A leading English wine producer tells us that following the Brexit vote they will target growth by increasing exports and expanding capacity to cater for domestic tourists.
Hush Heath Wine is produced in an estate compromising of 400 acres of manicured vineyards, apple orchards and ancient oak woodlands rich with wildlife, flora and fauna.
Hidden deep in Kent, the Garden of England, the Estate is home to award winning English sparkling wine, Balfour Brut Rosé.
Since its beginnings the Estate has grown its product range substantially and now boasts an exquisite selection of wines and ciders all produced from fruit grown in vineyards and apple orchards on the estate.
What started as a hobby for entrepreneur Richard Balfour-Lynn is now a quickly expanding family based wine and cider business.
Hush Heath also owns St Bart’s (Farringdon), The Bull (Bishopsgate), The Goudhurst Inn (Goudhurst) and The Tickled Trout (West Fairleigh), each with an individual feel and style.
Exports now accounts for approximately 5% of Hush Heath’s business and therefore the impact to the UK’s trading position following the EU vote matters to the company.
The decline in Sterling following the vote would appear to be a positive one for now.
Exports have increased, specifically in the Japanese and US markets.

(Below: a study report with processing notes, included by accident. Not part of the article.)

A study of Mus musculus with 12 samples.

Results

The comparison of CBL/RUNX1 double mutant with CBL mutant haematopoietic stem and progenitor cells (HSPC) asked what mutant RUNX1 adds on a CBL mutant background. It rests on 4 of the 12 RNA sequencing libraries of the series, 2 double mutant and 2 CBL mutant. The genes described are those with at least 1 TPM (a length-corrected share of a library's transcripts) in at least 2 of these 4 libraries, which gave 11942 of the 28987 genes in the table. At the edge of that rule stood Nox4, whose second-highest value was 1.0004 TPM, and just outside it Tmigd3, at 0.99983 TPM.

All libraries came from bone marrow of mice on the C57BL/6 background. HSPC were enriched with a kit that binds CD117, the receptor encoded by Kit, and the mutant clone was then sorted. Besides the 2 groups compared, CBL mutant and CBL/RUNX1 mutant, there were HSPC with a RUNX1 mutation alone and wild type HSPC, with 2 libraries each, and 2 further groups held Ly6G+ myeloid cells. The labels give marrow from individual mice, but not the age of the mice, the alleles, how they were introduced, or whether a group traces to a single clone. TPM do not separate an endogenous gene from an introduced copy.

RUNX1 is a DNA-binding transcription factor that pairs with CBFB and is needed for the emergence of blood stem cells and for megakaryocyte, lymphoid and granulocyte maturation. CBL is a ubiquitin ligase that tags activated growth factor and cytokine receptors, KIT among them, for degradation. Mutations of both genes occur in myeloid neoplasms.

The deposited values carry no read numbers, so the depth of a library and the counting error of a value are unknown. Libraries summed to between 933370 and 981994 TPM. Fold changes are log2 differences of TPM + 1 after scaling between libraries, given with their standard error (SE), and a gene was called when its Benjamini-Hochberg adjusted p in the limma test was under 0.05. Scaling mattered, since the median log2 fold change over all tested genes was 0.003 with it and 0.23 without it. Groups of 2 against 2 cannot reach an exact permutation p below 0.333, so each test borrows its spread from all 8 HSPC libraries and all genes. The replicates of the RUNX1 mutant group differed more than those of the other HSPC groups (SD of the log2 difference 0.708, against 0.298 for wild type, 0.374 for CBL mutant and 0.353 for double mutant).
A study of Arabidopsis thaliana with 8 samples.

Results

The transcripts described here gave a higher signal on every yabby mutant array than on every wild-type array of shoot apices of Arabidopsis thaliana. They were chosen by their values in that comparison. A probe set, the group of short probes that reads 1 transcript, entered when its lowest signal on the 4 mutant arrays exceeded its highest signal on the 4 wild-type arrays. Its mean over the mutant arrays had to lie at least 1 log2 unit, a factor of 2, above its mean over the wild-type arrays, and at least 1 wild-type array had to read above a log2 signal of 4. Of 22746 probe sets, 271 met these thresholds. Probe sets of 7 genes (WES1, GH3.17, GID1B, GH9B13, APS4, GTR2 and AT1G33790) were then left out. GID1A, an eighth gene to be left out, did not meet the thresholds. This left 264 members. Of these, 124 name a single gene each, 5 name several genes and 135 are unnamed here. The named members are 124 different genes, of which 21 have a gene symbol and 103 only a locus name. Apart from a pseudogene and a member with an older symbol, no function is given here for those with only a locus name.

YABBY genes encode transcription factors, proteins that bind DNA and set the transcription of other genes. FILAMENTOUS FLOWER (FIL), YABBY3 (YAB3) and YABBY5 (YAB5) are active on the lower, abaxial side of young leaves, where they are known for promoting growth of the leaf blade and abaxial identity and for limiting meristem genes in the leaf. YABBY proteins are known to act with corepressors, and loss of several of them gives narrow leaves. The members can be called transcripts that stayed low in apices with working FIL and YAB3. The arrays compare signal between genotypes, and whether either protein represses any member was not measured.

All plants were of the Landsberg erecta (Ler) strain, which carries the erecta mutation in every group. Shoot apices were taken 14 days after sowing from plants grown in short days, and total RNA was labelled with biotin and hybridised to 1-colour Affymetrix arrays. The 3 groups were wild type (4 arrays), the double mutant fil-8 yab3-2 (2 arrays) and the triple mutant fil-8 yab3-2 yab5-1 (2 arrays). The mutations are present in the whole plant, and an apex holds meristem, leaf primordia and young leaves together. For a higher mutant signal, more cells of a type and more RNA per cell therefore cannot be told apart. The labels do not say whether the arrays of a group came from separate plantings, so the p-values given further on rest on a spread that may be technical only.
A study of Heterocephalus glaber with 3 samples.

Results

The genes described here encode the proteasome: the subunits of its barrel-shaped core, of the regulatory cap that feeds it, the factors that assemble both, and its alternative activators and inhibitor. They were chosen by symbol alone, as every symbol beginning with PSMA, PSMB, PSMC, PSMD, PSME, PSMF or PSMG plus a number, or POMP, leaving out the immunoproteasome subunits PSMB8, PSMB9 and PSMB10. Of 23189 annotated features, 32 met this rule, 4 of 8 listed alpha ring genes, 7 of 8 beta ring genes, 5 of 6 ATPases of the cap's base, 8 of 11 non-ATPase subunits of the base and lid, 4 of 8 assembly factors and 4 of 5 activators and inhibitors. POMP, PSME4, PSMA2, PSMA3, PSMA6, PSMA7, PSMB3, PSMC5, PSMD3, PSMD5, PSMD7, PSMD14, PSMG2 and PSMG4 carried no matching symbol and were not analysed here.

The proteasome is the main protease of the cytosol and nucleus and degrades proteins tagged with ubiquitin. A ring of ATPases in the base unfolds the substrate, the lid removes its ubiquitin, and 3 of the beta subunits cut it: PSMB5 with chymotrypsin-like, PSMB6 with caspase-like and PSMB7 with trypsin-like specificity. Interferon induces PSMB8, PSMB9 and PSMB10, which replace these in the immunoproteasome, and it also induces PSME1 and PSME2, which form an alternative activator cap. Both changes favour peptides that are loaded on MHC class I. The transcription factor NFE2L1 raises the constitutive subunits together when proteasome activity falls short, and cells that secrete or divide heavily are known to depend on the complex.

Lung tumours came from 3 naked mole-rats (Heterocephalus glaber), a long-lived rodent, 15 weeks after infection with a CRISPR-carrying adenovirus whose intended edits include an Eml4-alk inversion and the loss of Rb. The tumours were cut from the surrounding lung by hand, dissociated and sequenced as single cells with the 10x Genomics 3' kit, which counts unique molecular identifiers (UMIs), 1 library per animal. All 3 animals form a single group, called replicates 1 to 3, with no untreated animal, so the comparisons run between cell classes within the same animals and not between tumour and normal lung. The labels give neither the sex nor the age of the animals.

“We already export to Japan, Germany and Scandinavia, and before the year is out Hush Heath English wines will launch across the USA,” says Balfour-Lynn.
“At Hush Heath, we have seen a positive response in that we are growing our export markets and receiving more orders from people interested in buying our premium English wines.”
However, there could be some price increases coming down the line, with the bottling of the new vintage next year being earmarked for a hike.
In terms of post-referendum strategy, Balfour-Lynn says it is business as usual with strategy focussed on exploring the “greatest opportunities with exports to Japan and the USA, and this remains true.”
And there is another potential Brexit boost stemming from the exchange rate’s recent movements:
“If you consider that people are taking more staycations here in the UK rather than travelling abroad.
“We are looking to further develop the wine tourism side of our business, though this had already been a focus, both for the winery and Cellar Door at Hush Heath Estate, and also for the hospitality side of our company.”
Indeed, any expansion planned is focussed on developing the wine tourism side of Hush Heath rather than planting more vines.
Balfour-Lynn says it’s too early to judge Brexit; the outcome results will become clearer in the next four years.
With regards to potential restrictions to freedom of movement for EU nationals Hush Heath are not concerned:
“As a business we are a great believer in supporting the local economy and in terms of our people, predominantly we employ those based in the UK. We are proud to have a brilliant team that includes second and third generations of families working at Hush Heath Estate.”
Brexit: An Opportunity
On the question of Brexit Balfour-Lynn says he sees more of an opportunity: specifically for the English wine industry to reduce duty rates.
Further, he would encourage Theresa May and her government to listen to the millions of the British public who voted.
“Much of our export is to markets outside of the EU, and so there is unlikely to be a huge impact when it comes to the export of our premium English wines,” says Balfour-Lynn.